WIP: Sons 2

See more Works in Progress by clicking on the tab or here.

Well y’all, it’s been a while since I shared a piece of writing, so here’s one! And, it’s interactive. I have two possible endings for this particular part of the story, so please weigh in, 1 or 2, in the comments.

The usual WIP disclaimer: Work in Progress, or WIP, posts are excerpts from open writing projects.  All writing is my own and in the rough draft phase. Take it (but don’t actually take it, copyright me and all that) for what it is!  

Also check out a previous excerpt from Sons.

“I live in perpetual fear of the phone ringing. It rings and my body goes rigid. I can feel the stress hormones pumping themselves through my body as a shaky hand picks up the phone. I need to take a deep breath just to push past the psychological barrier and actually force the physical movements – just a thumb swipe — to happen. Whenever the voice on the other end doesn’t say ‘Mrs. Singer, we’re sorry to tell you that your son has overdosed,’ it’s a relief. Do you know what it’s like to live like that?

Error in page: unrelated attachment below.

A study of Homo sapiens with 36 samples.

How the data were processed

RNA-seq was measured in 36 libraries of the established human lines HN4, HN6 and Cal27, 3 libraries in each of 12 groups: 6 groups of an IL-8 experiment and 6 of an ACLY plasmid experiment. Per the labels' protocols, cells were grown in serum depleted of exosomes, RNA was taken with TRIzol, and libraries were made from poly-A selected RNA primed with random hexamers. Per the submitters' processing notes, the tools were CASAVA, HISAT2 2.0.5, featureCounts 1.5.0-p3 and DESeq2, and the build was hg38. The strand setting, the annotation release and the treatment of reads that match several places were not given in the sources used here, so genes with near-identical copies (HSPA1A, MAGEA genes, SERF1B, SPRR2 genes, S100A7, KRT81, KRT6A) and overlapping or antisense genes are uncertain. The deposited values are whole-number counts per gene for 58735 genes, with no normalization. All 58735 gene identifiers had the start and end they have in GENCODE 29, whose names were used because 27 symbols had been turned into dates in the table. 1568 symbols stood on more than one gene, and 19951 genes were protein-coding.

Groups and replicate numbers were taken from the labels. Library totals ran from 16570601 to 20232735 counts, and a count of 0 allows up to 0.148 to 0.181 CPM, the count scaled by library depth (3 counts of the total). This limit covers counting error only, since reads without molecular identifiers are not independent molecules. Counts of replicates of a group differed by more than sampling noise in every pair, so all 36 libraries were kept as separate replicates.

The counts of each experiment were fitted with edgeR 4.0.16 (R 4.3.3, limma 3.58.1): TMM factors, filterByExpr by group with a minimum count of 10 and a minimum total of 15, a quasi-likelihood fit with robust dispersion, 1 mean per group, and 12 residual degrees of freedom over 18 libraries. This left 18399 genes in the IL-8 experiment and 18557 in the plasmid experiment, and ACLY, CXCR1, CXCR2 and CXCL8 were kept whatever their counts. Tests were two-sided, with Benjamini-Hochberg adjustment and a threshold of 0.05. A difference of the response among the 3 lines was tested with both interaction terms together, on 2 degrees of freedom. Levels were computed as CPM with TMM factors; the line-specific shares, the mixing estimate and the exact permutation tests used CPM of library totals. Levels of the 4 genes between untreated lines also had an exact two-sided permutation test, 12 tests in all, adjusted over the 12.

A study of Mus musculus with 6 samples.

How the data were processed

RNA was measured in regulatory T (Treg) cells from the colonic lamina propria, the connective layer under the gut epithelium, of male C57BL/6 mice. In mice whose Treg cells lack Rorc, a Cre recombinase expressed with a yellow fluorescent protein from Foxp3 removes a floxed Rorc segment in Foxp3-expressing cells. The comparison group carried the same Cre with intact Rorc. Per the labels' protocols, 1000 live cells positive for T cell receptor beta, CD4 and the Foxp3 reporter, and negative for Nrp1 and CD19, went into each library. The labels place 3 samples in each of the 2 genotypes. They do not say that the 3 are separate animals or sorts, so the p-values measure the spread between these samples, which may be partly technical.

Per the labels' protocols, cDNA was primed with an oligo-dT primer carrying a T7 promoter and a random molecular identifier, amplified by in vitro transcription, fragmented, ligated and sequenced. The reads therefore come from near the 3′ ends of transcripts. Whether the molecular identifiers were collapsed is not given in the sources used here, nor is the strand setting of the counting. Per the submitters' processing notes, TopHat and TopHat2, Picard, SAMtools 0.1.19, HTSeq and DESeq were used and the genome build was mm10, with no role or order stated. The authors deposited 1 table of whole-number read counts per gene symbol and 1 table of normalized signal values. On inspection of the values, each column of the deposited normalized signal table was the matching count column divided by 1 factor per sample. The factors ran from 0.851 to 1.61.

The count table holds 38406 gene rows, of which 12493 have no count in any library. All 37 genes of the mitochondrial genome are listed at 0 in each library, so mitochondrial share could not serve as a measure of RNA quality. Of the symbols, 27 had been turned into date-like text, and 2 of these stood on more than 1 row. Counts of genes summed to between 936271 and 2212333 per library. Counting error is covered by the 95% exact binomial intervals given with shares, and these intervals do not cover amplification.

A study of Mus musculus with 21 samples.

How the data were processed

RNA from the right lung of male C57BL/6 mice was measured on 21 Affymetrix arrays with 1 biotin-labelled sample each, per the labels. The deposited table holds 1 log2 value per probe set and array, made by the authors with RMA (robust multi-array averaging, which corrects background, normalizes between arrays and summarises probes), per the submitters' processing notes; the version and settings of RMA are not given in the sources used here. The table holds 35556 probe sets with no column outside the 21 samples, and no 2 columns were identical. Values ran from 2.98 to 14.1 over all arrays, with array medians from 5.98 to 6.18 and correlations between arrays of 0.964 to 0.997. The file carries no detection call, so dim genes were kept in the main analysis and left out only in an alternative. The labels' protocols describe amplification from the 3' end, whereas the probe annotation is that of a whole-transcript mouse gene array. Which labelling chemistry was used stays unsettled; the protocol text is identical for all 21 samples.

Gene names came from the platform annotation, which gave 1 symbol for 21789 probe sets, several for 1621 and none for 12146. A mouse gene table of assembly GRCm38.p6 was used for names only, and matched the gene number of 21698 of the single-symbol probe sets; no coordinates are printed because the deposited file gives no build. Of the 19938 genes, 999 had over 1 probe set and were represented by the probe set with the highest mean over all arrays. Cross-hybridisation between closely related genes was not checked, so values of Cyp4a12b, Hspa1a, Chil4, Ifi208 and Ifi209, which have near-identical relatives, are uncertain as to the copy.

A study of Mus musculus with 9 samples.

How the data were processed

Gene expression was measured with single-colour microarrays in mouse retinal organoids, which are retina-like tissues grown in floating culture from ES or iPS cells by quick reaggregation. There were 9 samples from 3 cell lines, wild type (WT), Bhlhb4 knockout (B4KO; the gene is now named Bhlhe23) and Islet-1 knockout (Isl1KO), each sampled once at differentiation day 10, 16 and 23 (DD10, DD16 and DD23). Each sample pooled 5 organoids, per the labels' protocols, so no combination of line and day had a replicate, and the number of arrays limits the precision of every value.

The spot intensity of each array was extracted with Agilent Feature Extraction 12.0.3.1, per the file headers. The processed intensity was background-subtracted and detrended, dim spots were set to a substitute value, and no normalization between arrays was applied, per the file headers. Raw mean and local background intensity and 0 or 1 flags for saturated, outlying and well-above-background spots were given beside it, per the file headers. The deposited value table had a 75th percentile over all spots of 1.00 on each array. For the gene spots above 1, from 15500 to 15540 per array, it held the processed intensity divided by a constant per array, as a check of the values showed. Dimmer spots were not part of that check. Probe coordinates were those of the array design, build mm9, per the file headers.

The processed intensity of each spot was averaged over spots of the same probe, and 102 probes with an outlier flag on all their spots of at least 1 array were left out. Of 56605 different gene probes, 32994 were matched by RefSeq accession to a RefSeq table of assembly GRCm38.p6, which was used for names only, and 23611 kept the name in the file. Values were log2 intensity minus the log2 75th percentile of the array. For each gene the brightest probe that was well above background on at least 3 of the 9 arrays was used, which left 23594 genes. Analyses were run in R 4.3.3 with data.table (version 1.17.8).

No good comes from it ringing.”

A silence, like that which is appreciated after a fireworks show — after the bombastic, breathtaking and overwhelming pyrotechnics are finished and the quiet peacefulness is appreciated — followed. This was all that she had kept buried inside; all that she had been trying her hardest not to say, because to put it to words might somehow make it real. Like she is a witch, able to conjure real-life events from her mere thoughts.

Her chest heaved heavily, as though she had just run a marathon and a bit of a burden had been lifted. Her eyes sparked with fire of the lingering thoughts. And as her breathing slowed, she began to calculate how everything she just said may have affected the delicate tightrope she walks now. In looking around, she found that she was still in homeostasis.

She adjusted her shirt, pulling down at the bottom and smoothing it down her legs. With one final deep breath, she moved to the sink and picked up a dirty dish, and it was over.

OR

With one final deep breath, she said to the group of parents also in the circle, “I’m Sarah Singer and my son is in active addiction.”